In the 2022 season, for instance, the under on game lines hit a whopping 56.1% of the time. The line for Sunday's game between the Eagles and Chiefs has, naturally, ticked up a smidge, from a 50.5 opening line to 51.0, and hey, I get it: These are two awesome offenses. The Chiefs led the league in points per game, while the Eagles were third. 

But, the under has hit in six of both the Eagles and Chiefs past 10 games, including all four playoff games they've played. For the Eagles, that's at least partially because their suffocating defense has allowed just 14 points in the playoffs, so they haven't had to pour it on offensively. Still, the trends match up with the season-long, league-wide trends. 

And, for what it's worth, the under has hit in four straight Super Bowls – though that evens out to five and five apiece over the past decade, so there's a bit of an arbitrary cutoff there. However, the Chiefs have played in two Super Bowls with Patrick Mahomes in that span, and the total for those two games went under by three and 16 points. 

None of this means the under for the game is a slam dunk, of course. A 56% edge for unders over a season is a pretty substantial result, but it's still only marginally better than a coin flip. The people making these lines know what they're doing, after all. This one could turn into a shootout of historic proportions, and I wouldn't be surprised. But, I also would not be at all surprised if there was less offense in this game than we're expecting. That's been the trend lately. 

Here are some of the props I'll be playing this weekend: 

Jalen Hurts Yards of First Completion over 7.5

I'm not just doing this because Hurts hit on a 40-yarder to Devonta Smith for his first completion last week. This is another one where the trend shows a clear lean – 11 of Hurts' 17 first completions went for 8 or more yards. I went through and watched all of Hurts' early-game throws, and while the Eagles don't necessarily go deep every time, Hurts benefits here in the same ways he benefits throughout the game, from an incredibly skilled group of playmakers who are adept at making plays with the ball in their hands. This is a tough one because you only get one crack at it, but with 61% of Hurts' completions this season going for at least 8 yards, the odds are in your favor. 

Travis Kelce First Touchdown Scorer +550

Here's another one where you only get one crack at it, and that's always tough – there's a 50-50 chance the Chiefs won't even get the ball first, which could wipe out your bet before Kelce even gets a chance. However, there's a reason he has the best odds for this one and for anytime TD scorer. Kelce has scored in five straight playoff games and seven of his past eight (and nine of his past 11, and 10 of his past 13, and … well, you get the point). Kelce is the focal point of this Chiefs offense, and while it's always tough to pick one player against the field, I agree with Dan Schneier that Kelce is likely to find success against this defense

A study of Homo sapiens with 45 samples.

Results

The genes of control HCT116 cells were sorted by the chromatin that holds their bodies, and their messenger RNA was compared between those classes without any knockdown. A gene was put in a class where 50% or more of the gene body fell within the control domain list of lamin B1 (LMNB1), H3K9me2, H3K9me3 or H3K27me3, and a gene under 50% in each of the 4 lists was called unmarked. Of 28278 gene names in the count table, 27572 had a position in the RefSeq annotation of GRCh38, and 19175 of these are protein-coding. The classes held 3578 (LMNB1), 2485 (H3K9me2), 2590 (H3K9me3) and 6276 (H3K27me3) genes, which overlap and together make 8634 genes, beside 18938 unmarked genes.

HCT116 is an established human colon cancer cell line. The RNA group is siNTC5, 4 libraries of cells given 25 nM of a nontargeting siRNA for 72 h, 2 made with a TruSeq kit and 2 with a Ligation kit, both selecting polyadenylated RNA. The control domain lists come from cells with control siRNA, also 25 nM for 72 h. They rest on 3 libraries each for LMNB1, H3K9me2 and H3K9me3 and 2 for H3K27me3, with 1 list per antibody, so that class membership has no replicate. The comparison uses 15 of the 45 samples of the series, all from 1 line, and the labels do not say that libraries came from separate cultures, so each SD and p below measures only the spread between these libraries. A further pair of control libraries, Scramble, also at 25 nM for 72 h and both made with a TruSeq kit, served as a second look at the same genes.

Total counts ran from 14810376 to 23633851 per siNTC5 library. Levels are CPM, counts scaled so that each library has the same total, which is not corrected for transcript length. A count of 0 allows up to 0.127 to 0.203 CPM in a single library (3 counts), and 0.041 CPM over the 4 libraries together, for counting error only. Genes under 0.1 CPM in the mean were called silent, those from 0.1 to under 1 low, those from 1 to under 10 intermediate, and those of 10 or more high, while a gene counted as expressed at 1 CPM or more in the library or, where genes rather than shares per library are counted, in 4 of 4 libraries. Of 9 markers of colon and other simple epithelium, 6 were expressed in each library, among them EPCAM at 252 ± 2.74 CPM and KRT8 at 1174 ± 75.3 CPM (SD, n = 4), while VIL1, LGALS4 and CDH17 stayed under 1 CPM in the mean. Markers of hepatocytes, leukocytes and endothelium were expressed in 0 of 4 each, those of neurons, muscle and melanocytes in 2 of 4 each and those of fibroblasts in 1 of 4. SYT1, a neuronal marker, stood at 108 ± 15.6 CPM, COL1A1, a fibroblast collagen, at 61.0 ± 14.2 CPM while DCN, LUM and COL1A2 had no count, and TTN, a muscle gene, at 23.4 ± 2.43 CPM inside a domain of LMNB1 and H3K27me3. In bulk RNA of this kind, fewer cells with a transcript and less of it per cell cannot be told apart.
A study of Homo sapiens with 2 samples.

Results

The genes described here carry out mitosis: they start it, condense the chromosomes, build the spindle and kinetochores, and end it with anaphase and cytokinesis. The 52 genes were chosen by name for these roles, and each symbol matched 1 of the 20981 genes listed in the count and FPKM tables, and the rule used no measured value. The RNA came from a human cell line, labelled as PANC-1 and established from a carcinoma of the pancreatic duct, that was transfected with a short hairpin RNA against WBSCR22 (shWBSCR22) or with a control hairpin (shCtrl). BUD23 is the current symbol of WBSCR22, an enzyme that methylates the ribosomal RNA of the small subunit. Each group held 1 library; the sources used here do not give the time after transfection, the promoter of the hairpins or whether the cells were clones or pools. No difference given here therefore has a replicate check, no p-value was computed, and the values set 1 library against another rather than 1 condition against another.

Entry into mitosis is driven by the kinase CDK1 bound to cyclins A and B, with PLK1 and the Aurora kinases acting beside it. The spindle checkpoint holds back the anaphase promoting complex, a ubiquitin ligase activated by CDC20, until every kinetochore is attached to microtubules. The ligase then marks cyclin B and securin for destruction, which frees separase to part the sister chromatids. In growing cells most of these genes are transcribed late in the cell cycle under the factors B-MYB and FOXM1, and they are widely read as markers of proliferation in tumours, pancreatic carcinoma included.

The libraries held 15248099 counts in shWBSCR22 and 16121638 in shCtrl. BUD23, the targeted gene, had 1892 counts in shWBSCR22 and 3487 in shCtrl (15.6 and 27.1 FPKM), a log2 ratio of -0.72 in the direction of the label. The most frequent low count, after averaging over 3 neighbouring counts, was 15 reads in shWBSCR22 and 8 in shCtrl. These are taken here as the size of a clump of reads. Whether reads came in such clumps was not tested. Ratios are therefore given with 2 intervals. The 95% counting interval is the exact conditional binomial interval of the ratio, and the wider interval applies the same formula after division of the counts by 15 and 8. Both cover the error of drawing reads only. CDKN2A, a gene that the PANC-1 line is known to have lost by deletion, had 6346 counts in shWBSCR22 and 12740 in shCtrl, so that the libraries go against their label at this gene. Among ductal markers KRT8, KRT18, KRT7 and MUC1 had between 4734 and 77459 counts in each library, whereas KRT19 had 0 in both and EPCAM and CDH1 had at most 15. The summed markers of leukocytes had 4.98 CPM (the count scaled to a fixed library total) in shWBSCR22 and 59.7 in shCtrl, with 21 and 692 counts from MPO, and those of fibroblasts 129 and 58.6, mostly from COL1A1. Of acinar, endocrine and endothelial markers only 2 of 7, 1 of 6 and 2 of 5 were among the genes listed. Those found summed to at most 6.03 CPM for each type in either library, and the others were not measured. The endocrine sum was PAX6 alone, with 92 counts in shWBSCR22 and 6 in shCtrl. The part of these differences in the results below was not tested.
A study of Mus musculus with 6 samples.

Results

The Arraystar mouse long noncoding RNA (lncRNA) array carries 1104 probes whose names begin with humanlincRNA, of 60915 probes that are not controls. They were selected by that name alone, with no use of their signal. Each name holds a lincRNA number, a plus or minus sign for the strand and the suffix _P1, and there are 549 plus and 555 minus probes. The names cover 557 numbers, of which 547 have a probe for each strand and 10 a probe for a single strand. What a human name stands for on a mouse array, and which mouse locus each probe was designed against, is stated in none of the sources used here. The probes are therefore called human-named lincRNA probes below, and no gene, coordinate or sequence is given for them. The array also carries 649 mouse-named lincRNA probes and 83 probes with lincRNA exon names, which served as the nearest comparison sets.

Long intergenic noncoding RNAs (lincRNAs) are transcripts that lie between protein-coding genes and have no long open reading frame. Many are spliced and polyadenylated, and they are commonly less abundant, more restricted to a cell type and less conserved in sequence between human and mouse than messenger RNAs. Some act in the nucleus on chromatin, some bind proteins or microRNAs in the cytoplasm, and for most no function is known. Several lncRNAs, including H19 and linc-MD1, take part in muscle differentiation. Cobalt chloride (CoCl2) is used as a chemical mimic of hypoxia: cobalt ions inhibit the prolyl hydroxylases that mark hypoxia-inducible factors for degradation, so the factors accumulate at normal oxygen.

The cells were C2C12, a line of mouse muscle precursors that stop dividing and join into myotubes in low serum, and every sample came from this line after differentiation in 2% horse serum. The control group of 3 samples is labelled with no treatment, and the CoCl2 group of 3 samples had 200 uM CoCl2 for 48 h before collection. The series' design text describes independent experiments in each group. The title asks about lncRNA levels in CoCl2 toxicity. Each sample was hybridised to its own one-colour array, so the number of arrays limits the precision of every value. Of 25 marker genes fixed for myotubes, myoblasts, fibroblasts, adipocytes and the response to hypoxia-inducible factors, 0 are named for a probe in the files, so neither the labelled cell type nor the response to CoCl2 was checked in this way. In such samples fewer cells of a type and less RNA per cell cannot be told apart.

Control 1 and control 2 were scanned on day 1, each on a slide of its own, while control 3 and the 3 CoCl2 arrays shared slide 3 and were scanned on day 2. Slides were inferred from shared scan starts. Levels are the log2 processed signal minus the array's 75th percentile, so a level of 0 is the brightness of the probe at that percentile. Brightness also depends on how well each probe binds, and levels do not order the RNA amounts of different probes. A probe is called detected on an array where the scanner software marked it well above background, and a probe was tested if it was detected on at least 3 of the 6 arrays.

Jalen Hurts over 31.5 pass attempts

Hurts hasn't come close to this one yet in the playoffs, having attempted 24 and 25 passes in the first two games. However, something tells me the Chiefs are going to manage to keep it quite a bit closer than either the Giants or 49ers did. Hurts only threw more than 32 passes in six of his 17 games to date, however, three of those came in his final four games of the regular season – and he got to 31 in a 26-point win over the Cardinals in the other. There was a trend toward trusting Hurts more as a passer in the second half of the season, and the Chiefs should be able to keep this game close enough that we'll see the same here. 

Isiah Pacheco over 16.5 receiving yards

I'm having a tough time figuring out how to project Pacheco's role in this one, because he was surprisingly involved in all facets of the game in the AFC Championship, playing a career-high 57% of the snaps. Prior to that game, Jerick McKinnon had played at least 65% of the snaps in each of the team's four prior playoff games. Maybe there was something about the Bengals matchup that made them like Pacheco's skill set more than McKinnon's, or maybe Pacheco just leveled up in a big spot and can be trusted as the team's primary back moving forward. I'm certainly skeptical that it'll stick, and against a team with the kind of pass rush the Eagles can bring, the Chiefs may opt for the steadier hand in McKinnon to serve as Mahomes' safety valve. However, 16.5 yards just isn't a particularly high bar to clear, so even if Pacheco reverts to his previous role, it probably only takes a couple of targets to get there. It feels pretty safe.

Isiah Pacheco Yards of Longest Rush under 13.5

This one feels less safe. Pacheco is a dynamic athlete who averaged a very strong 4.9 yards per carry for the Chiefs as a rookie, but he wasn't really a home run hitter despite his impressive long speed. Pacheco has had just nine carries go for more than 13 yards out of 192 total – 4.7%, ranking 31st out of 47 players with at least 100 carries. It only takes him finding one crease, and 13.5 yards isn't asking very much, but that hasn't really been a part of his game.